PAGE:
Archbishop Fred Hiltz says so much time and energy have been devoted to debate over human sexuality, at the expense of other issues such as violence against women and climate change. With him at the CoGS meeting head table are Cynthia Haines-Turner, deputy prolocutor, and General Synod Chancellor David Jones. Photo: André Forget
In his reflections during the last session of Council of General Synod (CoGS) for the past triennium, the primate of the Anglican Church of Canada expressed frustration that Anglicans have not exhibited the same degree of passion for human rights issues as they have for debates about same-sex marriage.
“I long for a time in our church when there is as much attention and conviction and passion and voice and action from the rooftops about sexual exploitation, about gender-based violence, human trafficking for the sex trade, missing and murdered Indigenous women, pornography, religiously-based violence around the world, our violence against creation itself, and the greed and the reckless consumption that drives it,” said Archbishop Fred Hiltz.
“There are many of us who would say that we wish that we didn’t have to spend that much time [on the same-sex marriage issue], but in fact we’ve had to,” he said. Some, he noted, have criticized the church for spending an “inordinate” amount of time on the issue.
But despite his concerns over how much energy was going into discussions over same-sex marriage, Hiltz applauded the care and respect he felt CoGS had shown in its nearly two days of closed-door discussions about the proposed change to the church’s marriage canon to allow for same-sex marriage.
“I think…we were really working hard here at this meeting at trying to make room for one another,” he said. “There’s a place for everyone in the Anglican Church of Canada, so how do we work hard at making room for one another—that’s going to be the challenge, in part, at General Synod, too.”
At the end of its discussions, CoGS had unanimously agreed March 12 to send to the upcoming General Synod a draft resolution prepared by the Commission on the Marriage Canon changing the Anglican Church of Canada’s law to pave the way for same-sex marriage.
At the same time, however, CoGS said that while it is legally obliged by General Synod 2013's Resolution C003 to send the same-sex marriage motion to General Synod 2016, it has also considered “the possibility of other options.”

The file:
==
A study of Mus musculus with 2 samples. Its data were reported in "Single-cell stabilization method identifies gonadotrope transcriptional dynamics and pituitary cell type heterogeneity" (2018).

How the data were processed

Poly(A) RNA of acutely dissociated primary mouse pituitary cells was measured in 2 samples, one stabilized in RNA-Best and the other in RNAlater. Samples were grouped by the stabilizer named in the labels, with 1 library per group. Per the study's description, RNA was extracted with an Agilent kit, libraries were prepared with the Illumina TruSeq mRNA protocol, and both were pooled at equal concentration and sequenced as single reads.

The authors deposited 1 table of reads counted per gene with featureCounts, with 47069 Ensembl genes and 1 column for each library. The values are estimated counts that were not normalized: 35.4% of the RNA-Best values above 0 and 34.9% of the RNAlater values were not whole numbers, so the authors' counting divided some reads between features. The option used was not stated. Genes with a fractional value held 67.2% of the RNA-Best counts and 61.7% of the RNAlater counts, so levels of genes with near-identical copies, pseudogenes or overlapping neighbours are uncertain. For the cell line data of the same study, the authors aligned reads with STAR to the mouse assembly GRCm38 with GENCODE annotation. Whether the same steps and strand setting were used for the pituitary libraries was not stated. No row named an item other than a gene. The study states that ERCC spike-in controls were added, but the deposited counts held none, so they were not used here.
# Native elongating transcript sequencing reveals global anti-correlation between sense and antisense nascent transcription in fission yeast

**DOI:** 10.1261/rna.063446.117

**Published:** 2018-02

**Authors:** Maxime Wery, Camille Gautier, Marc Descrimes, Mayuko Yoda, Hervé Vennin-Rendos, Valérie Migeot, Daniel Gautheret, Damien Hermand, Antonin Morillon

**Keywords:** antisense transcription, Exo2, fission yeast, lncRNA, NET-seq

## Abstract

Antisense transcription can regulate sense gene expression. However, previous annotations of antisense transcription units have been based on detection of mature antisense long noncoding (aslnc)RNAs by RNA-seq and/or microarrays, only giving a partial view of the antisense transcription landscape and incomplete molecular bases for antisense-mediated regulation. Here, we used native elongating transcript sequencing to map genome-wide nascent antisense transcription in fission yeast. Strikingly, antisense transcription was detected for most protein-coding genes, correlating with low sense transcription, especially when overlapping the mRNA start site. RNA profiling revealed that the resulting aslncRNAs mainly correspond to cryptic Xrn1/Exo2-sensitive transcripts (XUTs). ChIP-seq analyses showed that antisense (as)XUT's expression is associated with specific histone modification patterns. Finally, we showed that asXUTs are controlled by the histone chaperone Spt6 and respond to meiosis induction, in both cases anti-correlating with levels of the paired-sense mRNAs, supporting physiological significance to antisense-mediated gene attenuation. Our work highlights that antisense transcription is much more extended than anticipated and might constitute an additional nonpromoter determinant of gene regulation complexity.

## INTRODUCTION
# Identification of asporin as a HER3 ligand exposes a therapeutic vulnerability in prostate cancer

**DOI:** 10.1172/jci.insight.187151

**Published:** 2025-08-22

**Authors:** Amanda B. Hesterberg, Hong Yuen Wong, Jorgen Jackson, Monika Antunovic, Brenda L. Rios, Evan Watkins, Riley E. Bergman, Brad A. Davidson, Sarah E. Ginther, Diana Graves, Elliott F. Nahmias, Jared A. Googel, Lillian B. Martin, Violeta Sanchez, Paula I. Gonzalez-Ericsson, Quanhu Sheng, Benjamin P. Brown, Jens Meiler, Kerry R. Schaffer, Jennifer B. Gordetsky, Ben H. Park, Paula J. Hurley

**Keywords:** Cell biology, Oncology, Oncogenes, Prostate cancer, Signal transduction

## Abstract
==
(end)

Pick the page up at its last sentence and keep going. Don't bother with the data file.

In a message to the church, CoGS said, “The General Synod may discern a legislative option is not the most helpful, and if so, we faithfully hope that through dialogue at General Synod an alternate way will emerge.”
CoGS did not indicate what these “other options” might be, but the message was clearly a response to an earlier statement it received from the House of Bishops that a vote to allow same-sex marriage was “not likely to pass in the Order of Bishops.” In their statement to CoGS, the bishops had also questioned whether “a legislative procedure is the most helpful way” of dealing with the issue of gay marriage. In a written response to the House of Bishops, CoGS asked “for some concrete examples of other options” to a legislative process.
Hiltz also spoke to CoGS at length about his experiences at the January meeting of the primates of the Anglican Communion, and the status of relations within the global Anglican Communion following their decision to censure The Episcopal Church (TEC) for its 2015 decision to perform same-sex marriages. The primates asked that the American church’s participation in Anglican Communion bodies be temporarily limited.
He noted that despite this call from the primates, TEC has indicated that it will send representatives to the upcoming Anglican Consultative Council (ACC) meeting in Lusaka, Zambia, in April, and Hiltz said he expects they will participate as “full members.”
The provinces of Kenya, Uganda and Nigeria have announced that their bishops will boycott the meeting because of the American attendees.
“It raises the whole question of the authority of the instruments of Communion—in and of themselves, and how in fact that authority plays itself out in terms of the interplay among the instruments of Communion,” Hiltz said, noting that the ACC may choose to draft a formal response to the Primates’ Meeting communiqué.
Hiltz said that the Canadian church will be represented at the ACC by Bishop Jane Alexander of the diocese of Edmonton, Suzanne Lawson and Archdeacon Michael Thompson, the church’s general secretary, who will be standing in for Archdeacon Harry Huskins, who is unable to attend for health reasons.